The signal mask is calculated and installed only for the duration of the signal handler.

By default, the signal “sig” is also blocked when the signal occurs.

Once an action is installed for a specific signal using sigaction, it remains installed until another action is explicitly requested.

Does this mean that the default signal mask is restored after returning form the signal handler? Also, do I have to re-install the handler after using it, as if I was using signal()

Also, there's this piece of code:

#include <signal.h>
#include <stdio.h>
#include <stdlib.h>
#include <unistd.h>

void termination_handler(int signum) {
    exit(7);
}

int main (void) {
  struct sigaction new_action,old_action;
  new_action.sa_handler = termination_handler;
  sigemptyset(&new_action.sa_mask);
  sigaddset(&new_action.sa_mask, SIGTERM);
  new_action.sa_flags = 0;
  sigaction(SIGINT, NULL, &old_action);
  if (old_action.sa_handler != SIG_IGN) {
         sigaction(SIGINT,&new_action,NULL);
  }
  sleep(10);
  return 0;
}

So - how exactly will SIGTERM be handled? I can see that the installed handler is termination)handler(), but then SIGTERM was added to the signal mask with no use of sigprocmask(). What does this mean? Thanks!

P.s. one last question: why the if statement in main()?


1 Answer 1

Let's try to understand what's happening with a modified version of your code :

#include <signal.h>
#include <stdio.h>

void termination_handler(int signum)
{
    printf("Hello from handler\n");
    sleep(1);
}

int main (void)
{
    //Structs that will describe the old action and the new action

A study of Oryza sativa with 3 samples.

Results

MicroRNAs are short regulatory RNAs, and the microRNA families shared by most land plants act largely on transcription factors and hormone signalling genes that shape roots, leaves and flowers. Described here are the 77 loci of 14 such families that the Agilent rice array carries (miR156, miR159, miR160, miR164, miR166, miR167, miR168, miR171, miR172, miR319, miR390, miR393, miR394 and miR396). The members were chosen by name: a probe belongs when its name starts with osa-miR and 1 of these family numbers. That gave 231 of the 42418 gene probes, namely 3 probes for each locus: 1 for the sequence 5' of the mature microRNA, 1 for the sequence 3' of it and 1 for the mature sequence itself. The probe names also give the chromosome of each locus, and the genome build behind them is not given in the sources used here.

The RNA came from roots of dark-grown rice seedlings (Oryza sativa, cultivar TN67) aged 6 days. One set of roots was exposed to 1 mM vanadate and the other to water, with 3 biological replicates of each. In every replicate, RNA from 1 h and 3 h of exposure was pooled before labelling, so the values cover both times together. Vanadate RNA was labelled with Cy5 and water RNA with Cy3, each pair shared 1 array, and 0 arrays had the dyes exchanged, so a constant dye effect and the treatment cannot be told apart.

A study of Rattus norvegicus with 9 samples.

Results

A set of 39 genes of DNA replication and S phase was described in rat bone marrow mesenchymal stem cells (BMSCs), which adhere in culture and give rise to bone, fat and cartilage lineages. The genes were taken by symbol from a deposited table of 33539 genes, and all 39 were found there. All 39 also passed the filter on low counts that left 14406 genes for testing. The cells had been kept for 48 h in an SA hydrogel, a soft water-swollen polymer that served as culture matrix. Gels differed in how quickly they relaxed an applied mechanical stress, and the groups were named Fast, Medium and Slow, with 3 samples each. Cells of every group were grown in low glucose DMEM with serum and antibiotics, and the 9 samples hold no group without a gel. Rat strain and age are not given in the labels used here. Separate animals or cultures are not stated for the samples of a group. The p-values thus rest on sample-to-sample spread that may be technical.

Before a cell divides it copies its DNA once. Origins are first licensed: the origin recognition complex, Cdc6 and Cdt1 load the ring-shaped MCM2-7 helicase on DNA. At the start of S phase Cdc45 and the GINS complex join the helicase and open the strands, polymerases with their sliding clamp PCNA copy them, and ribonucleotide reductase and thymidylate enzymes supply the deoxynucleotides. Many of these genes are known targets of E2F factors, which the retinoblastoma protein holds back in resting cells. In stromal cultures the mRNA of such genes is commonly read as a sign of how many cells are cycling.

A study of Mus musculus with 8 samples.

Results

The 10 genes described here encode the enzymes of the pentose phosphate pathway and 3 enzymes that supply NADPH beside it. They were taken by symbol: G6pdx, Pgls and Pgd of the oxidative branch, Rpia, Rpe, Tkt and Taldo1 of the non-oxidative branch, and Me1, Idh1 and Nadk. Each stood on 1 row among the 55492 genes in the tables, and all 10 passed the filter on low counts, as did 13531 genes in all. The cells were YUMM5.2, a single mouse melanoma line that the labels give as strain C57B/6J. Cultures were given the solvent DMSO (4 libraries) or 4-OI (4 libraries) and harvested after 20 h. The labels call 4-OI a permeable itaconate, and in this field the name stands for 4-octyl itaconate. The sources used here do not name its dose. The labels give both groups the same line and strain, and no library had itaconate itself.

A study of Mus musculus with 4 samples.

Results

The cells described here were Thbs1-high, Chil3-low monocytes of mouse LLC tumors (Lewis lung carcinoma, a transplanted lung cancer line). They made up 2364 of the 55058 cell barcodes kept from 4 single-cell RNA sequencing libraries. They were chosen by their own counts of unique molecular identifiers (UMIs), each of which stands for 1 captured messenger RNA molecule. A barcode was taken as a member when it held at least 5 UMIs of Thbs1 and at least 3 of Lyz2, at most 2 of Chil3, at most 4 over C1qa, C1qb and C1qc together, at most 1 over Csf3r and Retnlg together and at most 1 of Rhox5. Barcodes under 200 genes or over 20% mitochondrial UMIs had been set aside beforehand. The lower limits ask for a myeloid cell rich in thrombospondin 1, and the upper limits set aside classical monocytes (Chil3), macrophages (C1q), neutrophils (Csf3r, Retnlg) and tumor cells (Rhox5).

//associated to the SIGINT signal (Ctrl+c from keyboard).
    struct sigaction new_action, old_action;

    //Set the handler in the new_action struct
    new_action.sa_handler = termination_handler;
    //Set to empty the sa_mask. It means that no signal is blocked
    // while the handler run.
    sigemptyset(&new_action.sa_mask);
    //Block the SEGTERM signal.
    // It means that while the handler run, the SIGTERM signal is ignored
    sigaddset(&new_action.sa_mask, SIGTERM);
    //Remove any flag from sa_flag. See documentation for flags allowed
    new_action.sa_flags = 0;

    //Read the old signal associated to SIGINT (keyboard, see signal(7))
    sigaction(SIGINT, NULL, &old_action);

    //If the old handler wasn't SIG_IGN (it's a handler that just
    // "ignore" the signal)
    if (old_action.sa_handler != SIG_IGN)
    {
        //Replace the signal handler of SIGINT with the one described by new_action
        sigaction(SIGINT,&new_action,NULL);
    }

    while(1)
    {
        printf("In the loop\n");
        sleep(100);
    }
    return 0;
}

So, if you compile it and launch it, and press Ctrl+C, then you'll have the handler message executed, and then you get back immediately out of the main's sleep. You can do it as many time as you want, and the handler message and the inloop message are still displayed.

So, you give a function, and sigaction does everything needed to hook the signal with your handler.


Now, what about sigterm? If you increase the sleep time in termination_handler, you can type something like "pkill --signal SIGTERM ./a.out" after pressing Ctrl+C. Then, what happens? Nothing! The SIGTERM signal is blocked while termination_handler is running. But once you are back in the main, now the SIGTERM will kill the application.

(Remember, while you are testing this code, you can still kill applications by sending a SIGKILL signal.)


If you want to know more, and have more fun with signals, you have the signal manual and the sigaction manual which tell a lot more. Notice that you also have the detailed description of the sigaction structure.